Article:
2009 October 17

Phew, all caught up on major event blog posts! Things are backdated, so just scroll down and look for new titles. Also, there’s a ton of new photos on Flickr – although one particular album is being a pain in the butt to sync, so if a post does that “Photo not Available” thing, that’s probably what’s going on.

As for this post, there’s no special theme here; just short tidbits I wanted to share.

• Here’s a video I recorded weeks ago on my old digital camera and have been too lazy to upload. I thought I’d capture the evening song that plays in central Hamada city every night. When I recorded this at September, it was played at 6 PM; now that October has begun the winter season, it’s been moved up to 5 PM. The morning song is still at 6, I think, and the noon song is always at 12 PM exactly.

• I’m so grateful for my eikaiwa group! I told them I couldn’t charge them for our classes, but they’ve decided to bring me various Japanese sweets as payment. Additionally, one of them was working the flea market at the university festival and brought me two very warm coats that were too big for her. Just in time, too; mornings and evenings are all of a sudden cold here, and I’m starting to really feel the lack of central heating! (And speaking of heating, I dragged the space heater out of the closet, and it definitely explains the kerosene tank on the porch. I’m thinking I might want to invest in an electric model and avoid the risks of inhalation.)


• After the calligraphy exhibition the other weekend, one of the teachers who invited me followed up with me about taking a calligraphy class myself. Tuesday night she took me to a small classroom where I had my first lesson. I really do have to learn to sit seiza, which is incredibly difficult, even with the little assisting chairs the teacher has. I also find the brush position stressful, since it has to be held vertically and moved very deliberately, but I know this will get easier a lot faster than seiza will. Still, I made it through the first three grades’ worth of material (writing くり、きのこ、and まんげつ), and the teacher finds my work good for a beginner, even if I’m not happy with it just yet. (Actually, I forget that I have these with me; I’ll take pictures of them and make a separate blog post about this.) Next week I’ll graduate to basic kanji; I hope I can handle it! Watching the adult students copying classical Chinese poems is really incredible. Also, there’s a junior high school student studying on Tuesdays who’s going to practice his English with me. 🙂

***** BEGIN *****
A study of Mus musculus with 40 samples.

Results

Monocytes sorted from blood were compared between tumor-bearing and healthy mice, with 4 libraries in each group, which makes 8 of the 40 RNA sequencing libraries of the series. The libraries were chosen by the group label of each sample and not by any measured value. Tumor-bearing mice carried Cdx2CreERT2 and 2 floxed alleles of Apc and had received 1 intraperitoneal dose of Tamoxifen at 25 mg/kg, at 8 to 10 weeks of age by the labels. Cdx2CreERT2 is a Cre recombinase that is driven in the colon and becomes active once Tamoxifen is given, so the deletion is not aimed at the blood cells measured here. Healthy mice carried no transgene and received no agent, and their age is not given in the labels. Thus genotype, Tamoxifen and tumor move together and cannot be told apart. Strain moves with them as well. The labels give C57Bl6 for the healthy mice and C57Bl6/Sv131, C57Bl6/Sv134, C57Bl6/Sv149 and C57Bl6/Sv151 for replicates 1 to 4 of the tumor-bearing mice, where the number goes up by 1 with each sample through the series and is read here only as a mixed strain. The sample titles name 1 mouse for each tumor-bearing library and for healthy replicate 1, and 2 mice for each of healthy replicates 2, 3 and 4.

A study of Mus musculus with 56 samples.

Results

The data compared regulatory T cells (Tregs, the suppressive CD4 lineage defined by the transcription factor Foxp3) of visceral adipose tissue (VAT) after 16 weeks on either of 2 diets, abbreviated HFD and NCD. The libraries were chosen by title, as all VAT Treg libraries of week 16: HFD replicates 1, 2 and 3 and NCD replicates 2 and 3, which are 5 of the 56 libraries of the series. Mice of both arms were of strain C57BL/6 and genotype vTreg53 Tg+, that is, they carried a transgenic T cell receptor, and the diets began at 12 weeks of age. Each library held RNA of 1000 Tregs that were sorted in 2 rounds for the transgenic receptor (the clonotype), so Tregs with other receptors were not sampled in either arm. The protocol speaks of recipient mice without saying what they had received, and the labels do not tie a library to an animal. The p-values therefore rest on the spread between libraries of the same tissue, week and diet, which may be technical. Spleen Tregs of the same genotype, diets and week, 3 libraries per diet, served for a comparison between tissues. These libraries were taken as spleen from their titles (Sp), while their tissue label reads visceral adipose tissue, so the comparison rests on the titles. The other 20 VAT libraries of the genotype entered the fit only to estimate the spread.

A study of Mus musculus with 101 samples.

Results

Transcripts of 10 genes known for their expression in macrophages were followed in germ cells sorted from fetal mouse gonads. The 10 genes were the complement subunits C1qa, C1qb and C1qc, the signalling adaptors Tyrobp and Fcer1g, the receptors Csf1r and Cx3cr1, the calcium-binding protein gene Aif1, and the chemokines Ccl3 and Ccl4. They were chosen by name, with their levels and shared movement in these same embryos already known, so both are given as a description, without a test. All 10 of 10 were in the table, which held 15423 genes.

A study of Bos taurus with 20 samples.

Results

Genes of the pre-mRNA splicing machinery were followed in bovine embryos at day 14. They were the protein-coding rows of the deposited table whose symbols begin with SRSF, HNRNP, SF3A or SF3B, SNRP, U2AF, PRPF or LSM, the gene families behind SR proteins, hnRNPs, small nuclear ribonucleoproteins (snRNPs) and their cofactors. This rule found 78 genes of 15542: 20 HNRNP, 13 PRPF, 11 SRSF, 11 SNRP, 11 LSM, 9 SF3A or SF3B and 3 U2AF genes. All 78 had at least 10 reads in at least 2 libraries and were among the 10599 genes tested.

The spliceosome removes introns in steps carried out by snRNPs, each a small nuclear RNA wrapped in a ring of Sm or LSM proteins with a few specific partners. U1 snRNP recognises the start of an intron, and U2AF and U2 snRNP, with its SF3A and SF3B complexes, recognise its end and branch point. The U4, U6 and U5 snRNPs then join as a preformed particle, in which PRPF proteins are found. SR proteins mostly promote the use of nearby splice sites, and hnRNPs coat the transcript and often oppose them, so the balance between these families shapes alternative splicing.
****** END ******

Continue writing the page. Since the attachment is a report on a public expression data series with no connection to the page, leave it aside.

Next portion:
• I’ve already mentioned it once, but if you find elections in America annoying, never ever move to Japan. The election season is a lot shorter here, but that’s probably because of how annoying it is. The city council election is this weekend, and the mayor is up for reelection as well. Every day from 8 in the morning till probably about 8 at night, the candidates are driven around in cars fitted with loudspeakers through with their campaign coordinators constantly announce their presence in obnoxiously formal Japanese. “Good morning! Good morning! This is So-and-so! So-and-so! Thank you for your support; we will fight very hard!” Every now and then, the car will stop, and the candidate will get out and give a speech flanked by their campaign staff in suits and armbands. I couldn’t sleep in on Saturday thanks to my neighborhood candidate arriving to give a speech probably at the store outside my apartment building and then being driven around the neighborhood.



Today was the last day of campaigning before the election, so the cars were out in force. I thought I’d record a little snippet for you to hear. Sorry about the relatively boring view; that truck didn’t even have the candidate’s name on it!

• My students are prone to preemptively giving up on long sentences or relatively fast speech from the textbook CD and saying, “わかんない” (“I dunno”) in very exasperated tones. Sometimes it gets very irritating to them, especially when they think they’re not interested in the subject. But during comment time at the end of every class, some of my students will say, “At first I didn’t understand, but then I got it, so I’m glad,” or, “I didn’t get it, but I want to, so I’ll work hard next time and hopefully I’ll get it.” Those are my favorite comments.

• I had an issue with some teachers, usually young and male, communicating awkwardly. They seemed a little bit nervous around me, so they got super-polite, but super-polite Japanese involves some very formal words and phrases that I don’t know as well as their plainer counterparts. This meant I usually had to get them to repeat what they had said, which made them more nervous, and sometimes even more formal… Luckily, at least one of the people who was doing this seems to have relaxed a lot after having several lessons together, and communicating with him is a lot easier now. Either he’s more at ease or my Japanese is getting better… possibly both, but I know at least the former is true. 🙂

  1. 2009 October 20 3:26 am

    The evening song sounds like the melody “Going Home,” by Dvorak, which I believe is from his ninth (“New World”) symphony.

    • 2009 October 24 1:48 pm

      Apparently I’m the only Cohen that can’t identify Dvorak. 🙂 I’ll try to record the other two city songs and see what we get!